You have successfully put a new diaphragm into your Parker Vacumatic. The celluloid and gold trim gleam from expert polishing. Now, how do you go about making the finishing touch and repainting the old blue diamond in the clip?
Some clips still have their enamel…or at least some of it. Most these days, do not have it.
Some purists say you should never paint in the blue diamond. Other experts say it is no big deal.
Me, I like finishing the look of the pen as close to factory fresh as I can make it. If you have an ultra rare model with partial paint, perhaps you should leave it as is. But for most of the working pens I deal with, fresh paint won’t effect the value.
The big trick is finding the right color paint to get the blue diamond as close to accurate as possible.
Having spent all of my teen years as an avid model airplane builder, I ran straight to the nearest hobby shop to turn to trusty Testors paints. I took a handful of clips with me and began comparing and contrasting the paint options.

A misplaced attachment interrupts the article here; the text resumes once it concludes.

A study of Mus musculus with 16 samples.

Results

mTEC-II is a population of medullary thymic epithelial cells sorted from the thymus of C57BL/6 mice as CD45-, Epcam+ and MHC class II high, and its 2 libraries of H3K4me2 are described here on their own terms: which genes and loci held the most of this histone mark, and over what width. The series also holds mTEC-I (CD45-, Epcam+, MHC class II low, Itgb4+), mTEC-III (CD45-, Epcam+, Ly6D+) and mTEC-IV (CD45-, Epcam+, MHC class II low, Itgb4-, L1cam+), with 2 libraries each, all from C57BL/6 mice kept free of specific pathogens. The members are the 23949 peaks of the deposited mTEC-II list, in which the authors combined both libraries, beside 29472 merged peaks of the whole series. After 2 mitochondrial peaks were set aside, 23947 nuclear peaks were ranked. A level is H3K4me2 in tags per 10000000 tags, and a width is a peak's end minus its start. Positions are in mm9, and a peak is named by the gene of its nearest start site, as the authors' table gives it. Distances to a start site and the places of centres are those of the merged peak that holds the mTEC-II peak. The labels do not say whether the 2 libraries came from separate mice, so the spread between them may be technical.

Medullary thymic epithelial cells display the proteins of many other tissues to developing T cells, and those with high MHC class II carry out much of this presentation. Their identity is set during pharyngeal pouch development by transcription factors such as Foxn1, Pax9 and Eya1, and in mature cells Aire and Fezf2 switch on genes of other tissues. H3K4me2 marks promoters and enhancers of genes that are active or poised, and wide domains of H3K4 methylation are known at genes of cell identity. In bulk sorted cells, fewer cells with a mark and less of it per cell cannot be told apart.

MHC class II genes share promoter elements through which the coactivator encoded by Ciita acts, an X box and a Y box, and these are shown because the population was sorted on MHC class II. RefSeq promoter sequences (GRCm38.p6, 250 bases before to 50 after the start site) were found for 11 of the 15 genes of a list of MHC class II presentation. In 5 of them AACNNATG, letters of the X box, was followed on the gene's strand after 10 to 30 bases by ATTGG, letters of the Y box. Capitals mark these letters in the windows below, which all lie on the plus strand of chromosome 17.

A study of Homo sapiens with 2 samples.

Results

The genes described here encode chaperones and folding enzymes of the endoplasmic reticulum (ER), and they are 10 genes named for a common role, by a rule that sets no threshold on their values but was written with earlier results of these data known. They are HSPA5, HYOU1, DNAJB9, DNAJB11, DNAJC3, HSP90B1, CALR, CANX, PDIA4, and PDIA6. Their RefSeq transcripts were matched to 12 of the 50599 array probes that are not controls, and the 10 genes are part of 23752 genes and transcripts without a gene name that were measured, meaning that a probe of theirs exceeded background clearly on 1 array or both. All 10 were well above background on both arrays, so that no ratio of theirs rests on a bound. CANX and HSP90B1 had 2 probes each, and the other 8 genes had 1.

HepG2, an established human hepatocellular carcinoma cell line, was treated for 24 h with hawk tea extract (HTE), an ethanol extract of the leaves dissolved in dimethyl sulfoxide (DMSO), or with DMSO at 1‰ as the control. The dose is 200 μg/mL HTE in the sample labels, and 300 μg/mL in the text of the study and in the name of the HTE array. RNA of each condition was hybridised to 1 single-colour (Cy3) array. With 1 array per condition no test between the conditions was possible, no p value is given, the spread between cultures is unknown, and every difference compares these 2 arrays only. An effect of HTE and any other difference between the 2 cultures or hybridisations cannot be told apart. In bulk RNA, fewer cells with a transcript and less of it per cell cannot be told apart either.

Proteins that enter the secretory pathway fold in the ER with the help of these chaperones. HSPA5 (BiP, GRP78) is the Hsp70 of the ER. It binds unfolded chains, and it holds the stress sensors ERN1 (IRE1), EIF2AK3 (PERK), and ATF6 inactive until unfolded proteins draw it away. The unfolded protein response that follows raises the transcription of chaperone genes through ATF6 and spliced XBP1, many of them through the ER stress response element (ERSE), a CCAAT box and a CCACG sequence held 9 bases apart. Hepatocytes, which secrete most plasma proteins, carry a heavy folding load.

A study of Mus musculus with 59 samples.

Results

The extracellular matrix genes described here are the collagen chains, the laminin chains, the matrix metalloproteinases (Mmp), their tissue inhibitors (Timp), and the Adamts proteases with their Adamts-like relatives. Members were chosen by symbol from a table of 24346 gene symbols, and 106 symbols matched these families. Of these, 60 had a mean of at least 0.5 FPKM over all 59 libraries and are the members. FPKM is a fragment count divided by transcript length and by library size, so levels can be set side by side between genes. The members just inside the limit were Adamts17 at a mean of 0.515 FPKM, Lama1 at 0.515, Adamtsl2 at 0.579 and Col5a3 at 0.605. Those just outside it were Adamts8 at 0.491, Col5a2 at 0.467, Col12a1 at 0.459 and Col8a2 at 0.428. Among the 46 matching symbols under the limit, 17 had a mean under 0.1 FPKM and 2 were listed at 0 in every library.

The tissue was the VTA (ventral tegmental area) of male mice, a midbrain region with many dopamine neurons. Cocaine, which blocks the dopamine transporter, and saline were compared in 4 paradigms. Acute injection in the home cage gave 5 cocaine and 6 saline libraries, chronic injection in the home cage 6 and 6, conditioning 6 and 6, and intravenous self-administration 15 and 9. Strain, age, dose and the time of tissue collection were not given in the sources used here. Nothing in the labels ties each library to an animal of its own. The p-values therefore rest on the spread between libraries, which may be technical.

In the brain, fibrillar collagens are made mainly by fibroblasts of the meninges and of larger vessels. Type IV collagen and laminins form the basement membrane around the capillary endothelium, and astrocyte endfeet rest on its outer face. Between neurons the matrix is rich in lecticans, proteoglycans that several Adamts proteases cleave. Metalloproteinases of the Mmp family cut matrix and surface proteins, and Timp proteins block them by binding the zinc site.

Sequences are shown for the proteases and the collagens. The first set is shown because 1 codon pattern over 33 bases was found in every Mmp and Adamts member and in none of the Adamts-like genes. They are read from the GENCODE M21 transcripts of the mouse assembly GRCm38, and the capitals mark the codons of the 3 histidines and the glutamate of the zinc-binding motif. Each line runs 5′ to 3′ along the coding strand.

That is when I noticed not all blue diamonds in the Parker Vacumatic clips were the same. Some were lighter and some were darker blue. I let the remnant paint/enamel in the old diamond guide me. I finally settled on two Testors blue paints from their myriad shades.
If you look on the bar code sticker on the back of the paint bottle, you will notice the name of the color and a number. That color number should be universal in any Testors paint display.
For the lighter blue diamonds, I found that the 1110 Blue by Testors is a near perfect match. The next shade darker Â is the 1111 Dark Blue, which is a near perfect match for the darker blue diamonds. It sounds intuitive, but there are so many blues from which to pick.
Painting the diamond takes a steady hand and only a teeny-tiny amount paint. You can use a single-hair brush, but I find I prefer using a toothpick that I’ve whittled to an extra-fine point.
Dab in the paint until you have filled in the diamond. Use a magnifying glass to make sure you have filled in the corners. There is bound to be some spillage outside the raised lines of the diamond. I try to clean it up with the dry edges of the toothpick by rubbing a clean, dry edge of the toothpick along the edge of the diamond. If the paint gets down into the feathers of the arrow logo, a little paint thinner on a Q-tip can help get it out before it sets. Remember to make sure the Q-tip is not sopping wet with thinner, as spilling the thinner into the wet paint of the diamond can mess things up, too.
Best of luck on painting your diamonds blue!